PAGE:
Alvin S. White, 87; Longtime Test Pilot

From Times Staff Reports

Alvin S. White, an experimental test pilot and World War II veteran, died after a brief illness Saturday at a hospital near his home in Oro Valley, Ariz., his daughter Leslie Hester said. He was 87.

White survived a midair collision June 8, 1966, while flying the XB-70, North American Aviation’s experimental supersonic bomber, during a publicity flight over the Mojave Desert. White ejected from the plane and suffered serious injuries, but the co-pilot, Air Force Maj. Carl Cross, died when his ejection seat malfunctioned. Also killed in the crash was NASA pilot Joseph A. Walker, who was flying an F-104N chase plane.

Born Dec. 9, 1918, in Berkeley, White began flying with the Civilian Pilot Training Program, earning his pilot’s license in 1940. During World War II he flew bomber escort missions over Europe.

White graduated from UC Berkeley in 1947 with a bachelor’s degree in mechanical engineering and became a test pilot for the Air Force and then North American Aviation. He left North American in late 1966 for a position in research and development with TWA and became an independent consultant in 1969.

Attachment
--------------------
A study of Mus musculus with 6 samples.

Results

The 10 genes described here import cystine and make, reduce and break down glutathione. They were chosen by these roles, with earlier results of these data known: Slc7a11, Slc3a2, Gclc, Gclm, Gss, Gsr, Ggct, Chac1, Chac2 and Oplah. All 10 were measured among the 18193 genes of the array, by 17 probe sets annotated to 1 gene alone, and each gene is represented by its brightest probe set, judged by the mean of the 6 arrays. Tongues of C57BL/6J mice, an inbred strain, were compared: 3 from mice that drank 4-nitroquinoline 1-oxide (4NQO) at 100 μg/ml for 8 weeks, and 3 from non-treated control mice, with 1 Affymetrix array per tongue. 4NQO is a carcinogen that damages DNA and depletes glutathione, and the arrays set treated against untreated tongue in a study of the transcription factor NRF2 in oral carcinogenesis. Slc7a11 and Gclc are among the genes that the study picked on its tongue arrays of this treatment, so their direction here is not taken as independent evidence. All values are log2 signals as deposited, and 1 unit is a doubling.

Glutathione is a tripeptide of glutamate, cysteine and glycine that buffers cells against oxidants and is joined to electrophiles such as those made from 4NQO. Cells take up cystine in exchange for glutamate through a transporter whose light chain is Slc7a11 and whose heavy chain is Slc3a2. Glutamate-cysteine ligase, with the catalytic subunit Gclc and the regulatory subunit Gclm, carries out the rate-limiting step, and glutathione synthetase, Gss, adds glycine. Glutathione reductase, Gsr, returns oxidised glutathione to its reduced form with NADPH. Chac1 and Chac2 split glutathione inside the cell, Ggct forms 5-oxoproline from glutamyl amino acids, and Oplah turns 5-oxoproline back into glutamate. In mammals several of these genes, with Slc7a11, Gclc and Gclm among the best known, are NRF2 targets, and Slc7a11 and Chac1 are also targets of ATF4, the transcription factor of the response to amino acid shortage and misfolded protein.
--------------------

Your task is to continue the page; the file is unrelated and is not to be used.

His survivors include his wife, Betty, of Tucson; son Stephen of Sacramento; daughters Cathie Deisher of Fleetwood, Pa., and Leslie Hester of North East, Md.; stepdaughters Karen Tomsett of Seattle and Kimberly Aurand of Spokane, Wash.; stepson Edward Tomsett of Tucson; four grandchildren; and a brother, Harold H. White Jr. of Auburn, Calif.